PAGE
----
One office is enough


Concerns are growing over President-elect Park Geun-hye’s transition team’s inefficient plan to revamp the organization of the Blue House. With the apparent obscurity of the chain of command and unclear boundaries of some senior secretaries, political pundits are asking if the reshuffle plan was drafted in haste.

Successful foreign affairs and security policies hinge on the deft management of the Korean Peninsula in the case of an abrupt crisis in North Korea, nuclear tests and missile launches.

To effectively cope with volatile situations, the Blue House must have efficient systems for decision-making. Yet the president-elect decided to keep intact the vice ministerial-level senior secretary for foreign affairs and national security even after establishing a new Office of National Security at the presidential office.

According to the committee, the senior secretary for foreign affairs and national security takes orders from the chief of staff. Then, what’s the role of the Office of National Security? The transition team explains that the national security office will be in charge of mid- and long-term strategies for security and comprehensive intelligence analysis. But a nation’s strategy and information are inseparable from what’s happening on a daily basis. If so, should the Ministry of Foreign Affairs, the Ministry of Unification and the National Intelligence Service consult with both the Office of National Security and the presidential office of foreign affairs and national security every day? More importantly, who should security officials of foreign countries, including U.S. security advisor, talk to when the need arises?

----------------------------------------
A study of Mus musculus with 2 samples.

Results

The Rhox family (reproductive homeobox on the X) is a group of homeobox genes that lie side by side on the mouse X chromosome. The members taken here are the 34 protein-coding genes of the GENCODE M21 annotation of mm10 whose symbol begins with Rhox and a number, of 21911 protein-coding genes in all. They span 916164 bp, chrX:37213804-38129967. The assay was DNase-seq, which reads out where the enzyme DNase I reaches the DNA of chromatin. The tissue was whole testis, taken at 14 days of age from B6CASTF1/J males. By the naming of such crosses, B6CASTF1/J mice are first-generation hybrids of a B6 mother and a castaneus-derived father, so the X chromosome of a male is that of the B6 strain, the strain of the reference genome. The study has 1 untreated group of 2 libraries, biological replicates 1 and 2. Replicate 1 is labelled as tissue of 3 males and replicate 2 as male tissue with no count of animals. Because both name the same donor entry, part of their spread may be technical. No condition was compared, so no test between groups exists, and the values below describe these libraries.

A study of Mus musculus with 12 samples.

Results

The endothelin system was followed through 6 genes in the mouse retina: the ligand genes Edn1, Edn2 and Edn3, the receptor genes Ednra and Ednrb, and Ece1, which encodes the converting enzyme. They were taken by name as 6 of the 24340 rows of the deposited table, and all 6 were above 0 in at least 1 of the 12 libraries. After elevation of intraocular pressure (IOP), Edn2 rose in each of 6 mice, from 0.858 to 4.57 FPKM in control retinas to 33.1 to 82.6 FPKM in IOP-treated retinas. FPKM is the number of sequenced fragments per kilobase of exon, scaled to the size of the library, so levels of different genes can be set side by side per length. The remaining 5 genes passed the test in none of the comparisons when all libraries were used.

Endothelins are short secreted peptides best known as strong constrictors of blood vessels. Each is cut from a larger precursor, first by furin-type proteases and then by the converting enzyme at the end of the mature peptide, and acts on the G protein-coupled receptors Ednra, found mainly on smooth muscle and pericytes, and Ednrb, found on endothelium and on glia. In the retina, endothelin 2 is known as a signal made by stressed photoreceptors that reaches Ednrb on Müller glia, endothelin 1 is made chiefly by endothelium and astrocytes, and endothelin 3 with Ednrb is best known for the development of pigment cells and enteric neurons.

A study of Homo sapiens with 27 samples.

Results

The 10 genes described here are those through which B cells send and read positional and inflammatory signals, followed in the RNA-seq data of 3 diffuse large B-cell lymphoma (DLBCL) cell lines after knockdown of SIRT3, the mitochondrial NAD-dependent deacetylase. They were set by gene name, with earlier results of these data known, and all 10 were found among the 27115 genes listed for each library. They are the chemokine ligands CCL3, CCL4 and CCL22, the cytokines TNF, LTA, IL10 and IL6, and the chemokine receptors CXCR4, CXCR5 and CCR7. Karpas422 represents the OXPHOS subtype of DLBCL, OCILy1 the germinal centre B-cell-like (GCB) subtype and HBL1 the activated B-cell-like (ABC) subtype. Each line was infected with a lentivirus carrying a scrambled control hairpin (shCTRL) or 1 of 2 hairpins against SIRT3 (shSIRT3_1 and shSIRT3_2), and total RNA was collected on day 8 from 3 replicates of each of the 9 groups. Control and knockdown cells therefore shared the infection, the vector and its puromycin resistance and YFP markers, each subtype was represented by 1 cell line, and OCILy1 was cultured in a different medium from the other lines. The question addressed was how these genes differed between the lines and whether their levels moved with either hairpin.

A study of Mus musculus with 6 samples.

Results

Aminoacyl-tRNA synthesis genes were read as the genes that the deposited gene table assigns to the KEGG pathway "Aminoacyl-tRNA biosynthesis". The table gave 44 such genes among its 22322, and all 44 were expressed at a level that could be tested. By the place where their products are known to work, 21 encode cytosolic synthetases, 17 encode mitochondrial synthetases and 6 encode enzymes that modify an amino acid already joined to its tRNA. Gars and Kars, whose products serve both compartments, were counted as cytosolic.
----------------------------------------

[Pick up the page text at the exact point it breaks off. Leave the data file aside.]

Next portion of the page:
Core members of the transition committee - including Kim Jang-soo, head of the foreign, defense and unification affairs subcommittee - couldn’t clearly explain the function of the new Office of National Security.

The difference between presidential secretaries for state affairs planning and future planning is also ambiguous, as their job could easily overlap with that of the existing secretary for economic affairs. Future planning can hardly be separated from the national agenda of the moment.

We wonder if there was a need for another office with a similar function? It would be more reasonable for the senior secretary for state affairs planning to concoct future planning as an extension to his responsibility to embody Park’s economic, social and welfare pledges. Park needs to collect views from incumbent and former government officials and experts rather than sticking to the original plan.